Three weeks after that dismal defeat at Southampton, Brendan Rodgers' side once again failed to spark, skipper Steven Gerrard coming closest to a winner when his effort was cleared off the line by the outstanding James Tomkins.
But the Hammers, for whom James Collins was equally impressive, also had a claim on the spoils, with Lucas Leiva denying them a first Anfield win in 50 years when he turned away Jack Collison's header five minutes from time.
The contest was preceded by an impeccably observed minute's silence in honour of the Hillsborough victims, for whom so much time and effort has finally received its reward.
Yet, for all the memories of those 96 lives so horrifically lost in South Yorkshire, Liverpool must also deal with the present, which means somehow clambering back towards the heights the club scaled so often back then.
A rather complicated scenario for European qualification is unfolding, in which finishing sixth in the Barclays Premier League might be enough.
It is not one Liverpool can afford to rely on though, which means an all-out assault on the top five.
To that end, a home encounter with a side who had not scored at Anfield since 2006 and have to go back half a century for their last victory should have been perfect.
Except this was one of those days Rodgers must have been referring to when he outlined in his programme notes that "from outset of this campaign, I felt it would most likely be a season of transition and there would come a few growing pains".
For with top scorer Luis Suarez not quite on his A game, the hosts struggled to break down an obdurate West Ham outfit.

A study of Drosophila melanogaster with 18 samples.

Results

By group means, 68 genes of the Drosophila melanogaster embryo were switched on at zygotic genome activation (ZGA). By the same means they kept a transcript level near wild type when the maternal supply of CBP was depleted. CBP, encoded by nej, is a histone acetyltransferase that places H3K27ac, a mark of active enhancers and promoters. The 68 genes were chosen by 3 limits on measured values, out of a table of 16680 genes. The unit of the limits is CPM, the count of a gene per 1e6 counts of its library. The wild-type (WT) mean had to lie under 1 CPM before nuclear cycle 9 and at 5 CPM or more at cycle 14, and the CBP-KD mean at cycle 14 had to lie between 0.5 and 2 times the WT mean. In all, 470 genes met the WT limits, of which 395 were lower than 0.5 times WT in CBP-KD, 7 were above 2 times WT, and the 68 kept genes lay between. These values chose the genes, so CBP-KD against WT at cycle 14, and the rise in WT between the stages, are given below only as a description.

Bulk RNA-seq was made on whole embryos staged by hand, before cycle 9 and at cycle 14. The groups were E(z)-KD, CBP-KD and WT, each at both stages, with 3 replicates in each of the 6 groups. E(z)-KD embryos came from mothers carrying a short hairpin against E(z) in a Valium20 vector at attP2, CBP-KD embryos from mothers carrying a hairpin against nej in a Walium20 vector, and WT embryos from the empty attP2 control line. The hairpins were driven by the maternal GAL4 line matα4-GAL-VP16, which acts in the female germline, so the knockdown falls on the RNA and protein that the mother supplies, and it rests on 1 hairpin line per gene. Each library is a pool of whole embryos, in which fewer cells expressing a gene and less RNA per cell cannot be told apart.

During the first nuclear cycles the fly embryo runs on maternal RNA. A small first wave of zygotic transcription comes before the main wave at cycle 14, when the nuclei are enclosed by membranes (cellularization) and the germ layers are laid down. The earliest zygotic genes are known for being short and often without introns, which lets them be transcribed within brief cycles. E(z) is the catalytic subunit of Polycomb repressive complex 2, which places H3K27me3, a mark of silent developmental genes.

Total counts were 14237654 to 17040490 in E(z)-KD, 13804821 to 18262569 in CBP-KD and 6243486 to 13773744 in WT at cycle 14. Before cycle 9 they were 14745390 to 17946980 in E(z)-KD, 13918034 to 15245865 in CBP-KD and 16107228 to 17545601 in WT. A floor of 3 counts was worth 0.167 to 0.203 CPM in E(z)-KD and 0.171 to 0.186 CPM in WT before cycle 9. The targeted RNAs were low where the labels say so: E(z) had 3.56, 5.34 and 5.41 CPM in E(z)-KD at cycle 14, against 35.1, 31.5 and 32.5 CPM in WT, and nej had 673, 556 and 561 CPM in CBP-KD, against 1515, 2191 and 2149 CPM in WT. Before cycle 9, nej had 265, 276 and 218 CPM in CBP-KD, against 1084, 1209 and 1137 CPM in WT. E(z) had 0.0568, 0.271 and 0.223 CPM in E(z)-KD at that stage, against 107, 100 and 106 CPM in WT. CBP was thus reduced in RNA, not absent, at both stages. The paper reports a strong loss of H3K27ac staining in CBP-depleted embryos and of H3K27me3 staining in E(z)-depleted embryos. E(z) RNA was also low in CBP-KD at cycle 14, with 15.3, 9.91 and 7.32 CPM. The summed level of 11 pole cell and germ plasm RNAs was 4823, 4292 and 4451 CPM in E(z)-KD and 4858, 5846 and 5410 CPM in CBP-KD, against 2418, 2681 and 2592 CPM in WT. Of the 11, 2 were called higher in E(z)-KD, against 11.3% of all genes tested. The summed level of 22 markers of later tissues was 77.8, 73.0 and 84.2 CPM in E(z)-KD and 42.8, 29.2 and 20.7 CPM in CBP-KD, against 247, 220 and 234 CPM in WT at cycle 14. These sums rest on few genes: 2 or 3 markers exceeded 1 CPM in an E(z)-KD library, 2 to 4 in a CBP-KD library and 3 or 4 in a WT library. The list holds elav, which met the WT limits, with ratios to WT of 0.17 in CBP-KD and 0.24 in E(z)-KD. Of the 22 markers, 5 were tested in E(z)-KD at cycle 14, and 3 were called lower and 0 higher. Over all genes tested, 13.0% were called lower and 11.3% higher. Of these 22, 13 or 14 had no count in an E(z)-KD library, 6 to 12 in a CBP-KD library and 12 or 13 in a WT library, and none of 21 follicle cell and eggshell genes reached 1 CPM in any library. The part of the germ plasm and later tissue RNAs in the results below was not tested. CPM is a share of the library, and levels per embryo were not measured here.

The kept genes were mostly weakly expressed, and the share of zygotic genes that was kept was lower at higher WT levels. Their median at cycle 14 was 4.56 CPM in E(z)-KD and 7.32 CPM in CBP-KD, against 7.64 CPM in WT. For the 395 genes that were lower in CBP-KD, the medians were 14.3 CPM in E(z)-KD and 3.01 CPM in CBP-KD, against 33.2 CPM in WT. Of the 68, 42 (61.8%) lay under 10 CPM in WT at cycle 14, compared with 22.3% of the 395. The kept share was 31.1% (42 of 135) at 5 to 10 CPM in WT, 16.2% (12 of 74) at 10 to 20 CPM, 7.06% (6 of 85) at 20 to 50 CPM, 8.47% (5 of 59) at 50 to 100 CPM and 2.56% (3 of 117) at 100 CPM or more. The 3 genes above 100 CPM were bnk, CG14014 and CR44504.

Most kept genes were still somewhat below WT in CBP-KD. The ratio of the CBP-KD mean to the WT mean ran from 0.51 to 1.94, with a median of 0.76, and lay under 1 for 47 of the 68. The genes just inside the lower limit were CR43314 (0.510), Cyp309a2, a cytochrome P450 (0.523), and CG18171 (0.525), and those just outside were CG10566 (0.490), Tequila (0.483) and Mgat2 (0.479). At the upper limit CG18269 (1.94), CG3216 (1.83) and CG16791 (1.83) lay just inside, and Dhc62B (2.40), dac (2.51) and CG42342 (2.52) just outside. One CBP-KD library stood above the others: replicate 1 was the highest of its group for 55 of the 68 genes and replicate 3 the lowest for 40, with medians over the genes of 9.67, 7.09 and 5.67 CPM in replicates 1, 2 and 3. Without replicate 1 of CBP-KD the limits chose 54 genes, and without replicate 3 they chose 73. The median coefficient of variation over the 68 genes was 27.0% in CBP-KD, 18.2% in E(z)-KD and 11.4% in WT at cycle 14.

Philippe Coutinho brought a decent early save out of Jussi Jaaskelainen, who also denied Stewart Downing before injury forced the former Middlesbrough man to give way to Daniel Sturridge.
But it was not until Coutinho found Suarez with an excellent return pass inside a crowded penalty area that Liverpool really came close, this time Jaaskelainen repelling the effort with his legs.
Denied the services of Andy Carroll, who was prohibited from facing his parent club, West Ham were prepared to live off scraps, knowing even a point would be valuable in easing their relegation concerns.
Yet they gave the impression of a team who, with a little bit of conviction, could achieve much more.
Mohamed Diame wriggled free of three Liverpool defenders before driving his shot over, whilst Carlton Cole should have done much better than drive an effort straight at Daniel Agger after Lucas had been rushed into an error.
Liverpool got better after the break without making that crucial breakthrough.
A claim for handball against Collins when he got in the way of Agger's thunderbolt came mostly from the Kop and referee Anthony Taylor was unimpressed anyway.
Gerrard almost set up Sturridge before being presented with the clearest chance of the contest when Suarez's shot rebounded into his path off Guy Demel.
The Liverpool skipper could not quite pick his spot given the number of bodies in his way. In the context of this game though, it was a golden chance, which James Tomkins superbly turned off the line as the home fans were about to start celebrating.
Suarez then fizzed a shot across goal that went through Jaaskelainen's legs and flicked off the far post, but brought no reward.
West Ham were being extended to a much greater degree. Yet they remained a sporadic threat and might well have had a spot-kick when Jose Enrique caught Tomkins in the box.
Tomkins found himself at the centre of another key moment as he appeared to bring down Gerrard, who had cut inside the Hammers defence.
It would have been a certain penalty had it not been for Tomkins managing to get his foot on the ball before sending Gerrard sprawling.
Gerrard curled another effort over as time began to drift away, and only Lucas' fine goal-line clearance from Collison's header prevented Liverpool from being sunk completely.